By Evan Slavit
As for the change in head coach, the players don’t really see that as a problem. Not only has Bennett been with this team since 2005, but he has had a hand in recruiting them as well. Leaman will definitely be missed, but the continuity preserved by hiring Bennett will help ease any transition anxiety.
The biggest strength of this team seems to be its depth, and that depth has been renewed with an excellent freshmen class. While many of them have yet to see the ice, the veterans on the team like what they see so far.
“They look real good. A lot of guys bring different things to the table,” said Simpson. “They are going to be huge for us, and expect a lot of them to play this year and be important parts of our team.”
There are ten new faces, and one of them, Max Novak, has already tallied his first multi-goal effort. His performance was reminiscent of Josh Jooris’s hat trick to start the season last year. Jooris parlayed that performance to a 32 point season (9g 23 a). Other freshmen seeing ice team last weekend were Sam Coatta and Shayne Gostisbehere. If this class can be even half as productive as last year’s, the Dutchmen should expect to do even better than where they are ranked now.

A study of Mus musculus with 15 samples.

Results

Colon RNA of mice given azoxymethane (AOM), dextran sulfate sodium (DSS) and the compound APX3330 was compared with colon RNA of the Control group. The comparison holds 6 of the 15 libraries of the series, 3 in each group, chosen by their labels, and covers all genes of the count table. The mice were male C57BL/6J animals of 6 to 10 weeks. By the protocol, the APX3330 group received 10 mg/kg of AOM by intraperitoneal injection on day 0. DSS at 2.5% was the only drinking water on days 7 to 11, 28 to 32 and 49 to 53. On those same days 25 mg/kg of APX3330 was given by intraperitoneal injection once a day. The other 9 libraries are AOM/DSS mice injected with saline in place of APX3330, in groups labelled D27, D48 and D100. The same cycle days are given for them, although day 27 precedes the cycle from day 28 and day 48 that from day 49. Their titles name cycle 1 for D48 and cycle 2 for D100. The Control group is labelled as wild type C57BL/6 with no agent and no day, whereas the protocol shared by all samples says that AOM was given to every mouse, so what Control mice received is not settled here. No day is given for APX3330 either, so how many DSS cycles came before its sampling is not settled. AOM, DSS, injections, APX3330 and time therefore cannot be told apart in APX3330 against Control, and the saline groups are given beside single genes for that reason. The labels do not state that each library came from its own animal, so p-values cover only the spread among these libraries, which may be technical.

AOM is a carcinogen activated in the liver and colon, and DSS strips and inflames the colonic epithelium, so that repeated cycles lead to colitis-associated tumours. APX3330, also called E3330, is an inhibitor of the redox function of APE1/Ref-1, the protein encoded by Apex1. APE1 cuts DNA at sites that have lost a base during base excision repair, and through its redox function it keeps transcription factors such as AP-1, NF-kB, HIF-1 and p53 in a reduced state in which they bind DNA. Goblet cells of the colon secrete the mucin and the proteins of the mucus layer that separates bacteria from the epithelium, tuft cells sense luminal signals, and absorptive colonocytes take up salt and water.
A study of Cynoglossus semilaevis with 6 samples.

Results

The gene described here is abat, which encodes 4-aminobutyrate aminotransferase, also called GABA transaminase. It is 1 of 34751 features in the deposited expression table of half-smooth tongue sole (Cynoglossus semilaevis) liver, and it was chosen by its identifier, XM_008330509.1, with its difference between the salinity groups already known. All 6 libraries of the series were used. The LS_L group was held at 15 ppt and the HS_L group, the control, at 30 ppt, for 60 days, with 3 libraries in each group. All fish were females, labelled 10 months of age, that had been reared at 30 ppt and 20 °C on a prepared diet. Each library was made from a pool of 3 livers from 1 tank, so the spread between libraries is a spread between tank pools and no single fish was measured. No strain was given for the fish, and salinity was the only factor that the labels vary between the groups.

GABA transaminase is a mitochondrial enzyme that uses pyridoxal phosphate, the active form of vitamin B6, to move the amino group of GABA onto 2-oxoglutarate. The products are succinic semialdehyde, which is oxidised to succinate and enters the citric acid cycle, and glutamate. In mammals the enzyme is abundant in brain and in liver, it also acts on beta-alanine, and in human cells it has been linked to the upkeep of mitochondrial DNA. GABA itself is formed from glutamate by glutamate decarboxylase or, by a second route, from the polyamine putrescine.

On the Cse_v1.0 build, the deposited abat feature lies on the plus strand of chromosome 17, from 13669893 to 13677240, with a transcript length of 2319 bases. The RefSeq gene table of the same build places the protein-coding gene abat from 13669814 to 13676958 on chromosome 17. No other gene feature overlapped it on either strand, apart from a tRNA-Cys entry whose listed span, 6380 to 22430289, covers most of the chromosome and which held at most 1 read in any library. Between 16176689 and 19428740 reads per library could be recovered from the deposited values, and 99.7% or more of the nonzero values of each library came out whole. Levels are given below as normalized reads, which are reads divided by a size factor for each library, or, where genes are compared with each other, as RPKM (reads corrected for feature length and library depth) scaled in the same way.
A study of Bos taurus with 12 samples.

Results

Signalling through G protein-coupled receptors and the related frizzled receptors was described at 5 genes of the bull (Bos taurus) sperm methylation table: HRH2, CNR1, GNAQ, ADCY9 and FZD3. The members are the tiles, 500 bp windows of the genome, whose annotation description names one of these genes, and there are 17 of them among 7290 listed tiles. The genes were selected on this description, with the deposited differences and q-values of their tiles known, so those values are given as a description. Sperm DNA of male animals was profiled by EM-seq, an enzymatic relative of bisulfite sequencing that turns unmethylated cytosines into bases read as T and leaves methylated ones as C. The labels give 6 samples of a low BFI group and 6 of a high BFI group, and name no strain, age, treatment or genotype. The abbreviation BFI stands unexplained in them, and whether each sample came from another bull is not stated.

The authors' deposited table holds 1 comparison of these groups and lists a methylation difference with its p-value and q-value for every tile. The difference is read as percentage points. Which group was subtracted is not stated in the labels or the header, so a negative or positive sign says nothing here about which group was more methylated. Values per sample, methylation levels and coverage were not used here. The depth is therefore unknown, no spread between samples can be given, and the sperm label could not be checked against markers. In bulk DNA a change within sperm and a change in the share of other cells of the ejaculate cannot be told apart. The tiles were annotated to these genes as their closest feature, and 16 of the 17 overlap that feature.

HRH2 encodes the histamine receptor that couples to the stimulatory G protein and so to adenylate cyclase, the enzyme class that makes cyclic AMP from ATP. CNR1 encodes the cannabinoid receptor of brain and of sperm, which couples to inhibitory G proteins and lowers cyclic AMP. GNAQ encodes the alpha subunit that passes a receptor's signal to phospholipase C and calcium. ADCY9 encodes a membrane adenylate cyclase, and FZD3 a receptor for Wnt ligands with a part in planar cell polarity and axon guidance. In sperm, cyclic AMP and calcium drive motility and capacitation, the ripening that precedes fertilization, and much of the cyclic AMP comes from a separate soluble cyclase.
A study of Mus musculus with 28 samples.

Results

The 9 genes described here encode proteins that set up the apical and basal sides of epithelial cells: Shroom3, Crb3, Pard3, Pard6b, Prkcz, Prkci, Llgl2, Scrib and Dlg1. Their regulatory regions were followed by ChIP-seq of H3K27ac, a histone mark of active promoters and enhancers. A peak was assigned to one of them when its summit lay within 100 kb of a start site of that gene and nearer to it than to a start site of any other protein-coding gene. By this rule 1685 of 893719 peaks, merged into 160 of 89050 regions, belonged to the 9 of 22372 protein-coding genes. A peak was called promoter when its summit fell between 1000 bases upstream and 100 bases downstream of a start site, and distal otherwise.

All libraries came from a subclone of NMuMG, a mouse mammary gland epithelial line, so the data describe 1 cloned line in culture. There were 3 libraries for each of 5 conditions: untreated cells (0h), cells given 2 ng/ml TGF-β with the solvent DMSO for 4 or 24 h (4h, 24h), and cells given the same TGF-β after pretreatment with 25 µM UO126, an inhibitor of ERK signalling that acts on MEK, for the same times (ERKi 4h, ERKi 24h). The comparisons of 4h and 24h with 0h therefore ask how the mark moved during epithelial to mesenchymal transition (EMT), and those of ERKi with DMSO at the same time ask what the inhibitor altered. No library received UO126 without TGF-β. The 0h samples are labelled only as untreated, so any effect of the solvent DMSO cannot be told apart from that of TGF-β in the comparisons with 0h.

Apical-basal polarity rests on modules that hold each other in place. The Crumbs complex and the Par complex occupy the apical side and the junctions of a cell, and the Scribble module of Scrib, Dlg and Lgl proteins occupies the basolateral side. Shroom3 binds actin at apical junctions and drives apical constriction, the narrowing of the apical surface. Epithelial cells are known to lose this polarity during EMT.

While the Dutchmen have tons of talent, that doesn’t guarantee them anything. Case in point: Colgate’s abysmal regular season last year. They were expected to be near the top of the conference, but wound up being cellar dwellers. Outside of a nice playoff run, the Raiders’ lofty predictions fell flat. The players understand that, and will be the first to tell you how little stock they put into preseason polls and predictions.
In a sport in which hype—positive or negative—can infiltrate a locker room, Bennett’s team refuses to rest on their laurels. It speaks strongly about the character of the players on the team, their new head coach, and the stability of a once-floundering program.
Union’s first home games are Friday and Saturday against Western Michigan. Both games start at 7 p.m.